In March, the Pending Home Sales index of contracts signed on existing homes dove 20.8%. When those contracts are counted as closings in April, expect a similar drop in Existing Home Sales.
Freddie Mac’s chief economist observed, “rates at record lows…are driving higher refinance activity and have modestly helped improve purchase demand from their extremely low levels in mid-April.”
Even better, the Mortgage Bankers Association reported a 12% bump in purchase applications, “potentially a sign of the start of an upturn in the pandemic-delayed spring homebuying season, as coronavirus restrictions slowly ease.”
REVIEW OF LAST WEEK
GOOD NEWS, BAD NEWS… Good news: stocks ended April with the best monthly gain in more than 30 years. Bad news: stocks started May down for the week following China tariff fears and corporate earnings disappointments.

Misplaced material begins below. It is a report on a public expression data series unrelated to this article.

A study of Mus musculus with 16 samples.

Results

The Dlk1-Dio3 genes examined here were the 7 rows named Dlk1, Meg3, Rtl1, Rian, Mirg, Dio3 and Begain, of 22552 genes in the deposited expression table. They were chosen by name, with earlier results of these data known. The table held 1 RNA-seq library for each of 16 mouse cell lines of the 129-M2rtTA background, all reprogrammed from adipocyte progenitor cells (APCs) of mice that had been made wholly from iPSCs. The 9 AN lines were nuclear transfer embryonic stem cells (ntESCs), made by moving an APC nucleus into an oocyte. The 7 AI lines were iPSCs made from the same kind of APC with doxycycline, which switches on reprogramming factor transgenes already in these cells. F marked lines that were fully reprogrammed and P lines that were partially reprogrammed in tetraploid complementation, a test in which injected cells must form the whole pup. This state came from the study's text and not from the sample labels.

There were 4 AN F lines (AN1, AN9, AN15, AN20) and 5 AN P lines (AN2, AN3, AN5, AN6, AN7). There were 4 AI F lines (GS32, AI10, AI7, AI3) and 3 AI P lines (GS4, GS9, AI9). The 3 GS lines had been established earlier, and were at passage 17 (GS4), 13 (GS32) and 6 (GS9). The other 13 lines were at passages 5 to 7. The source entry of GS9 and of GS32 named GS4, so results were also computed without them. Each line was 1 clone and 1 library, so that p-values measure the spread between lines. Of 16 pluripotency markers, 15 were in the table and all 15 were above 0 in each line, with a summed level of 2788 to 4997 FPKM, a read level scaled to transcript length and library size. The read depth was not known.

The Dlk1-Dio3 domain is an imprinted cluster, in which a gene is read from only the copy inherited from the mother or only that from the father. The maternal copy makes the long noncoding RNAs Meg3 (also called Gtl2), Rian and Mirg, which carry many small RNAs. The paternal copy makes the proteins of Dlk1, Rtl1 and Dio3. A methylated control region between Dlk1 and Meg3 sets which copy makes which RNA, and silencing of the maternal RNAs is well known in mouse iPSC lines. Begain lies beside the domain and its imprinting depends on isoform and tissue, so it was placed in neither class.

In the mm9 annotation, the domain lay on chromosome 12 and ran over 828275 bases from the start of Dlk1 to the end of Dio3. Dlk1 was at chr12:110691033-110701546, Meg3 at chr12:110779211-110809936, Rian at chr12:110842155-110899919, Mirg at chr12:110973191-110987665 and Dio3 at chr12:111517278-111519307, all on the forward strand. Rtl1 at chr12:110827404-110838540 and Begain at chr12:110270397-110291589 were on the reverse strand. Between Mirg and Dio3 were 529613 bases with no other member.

The President said he may impose more import tariffs on China for how it’s handled the COVID-19 outbreak, while some tech giants, thought to be immune from the pandemic’s economic impact, missed expected earnings.
Positive news: while states started to reopen, the FDA approved remdesivir for emergency use as a treatment for COVID-19, and the Fed signaled rates will stay down longer and expanded its Main Street Lending Program.
The week ended with the Dow down 0.2%, to 23,724; the S&P 500 down 0.2%, to 2,831; and the Nasdaq down 0.3%, to 8,605.
Fed comments and sinking stocks sent buyers to bonds. The UMBS 4.0% ended UP 0.15, to $106.59. Freddie Mac’s Primary Mortgage Market Survey reported the lowest national average 30-year fixed mortgage rate in the survey’s history, dating to 1971. Remember, mortgage rates can be extremely volatile, so check with your mortgage professional for up-to-the-minute information.
DID YOU KNOW?… Evidence of the strength of the economy before the COVID-19 shutdown can be seen in the homeownership rate, which, in the first three months of 2020, rose to 65.3%, its highest level in nearly seven years.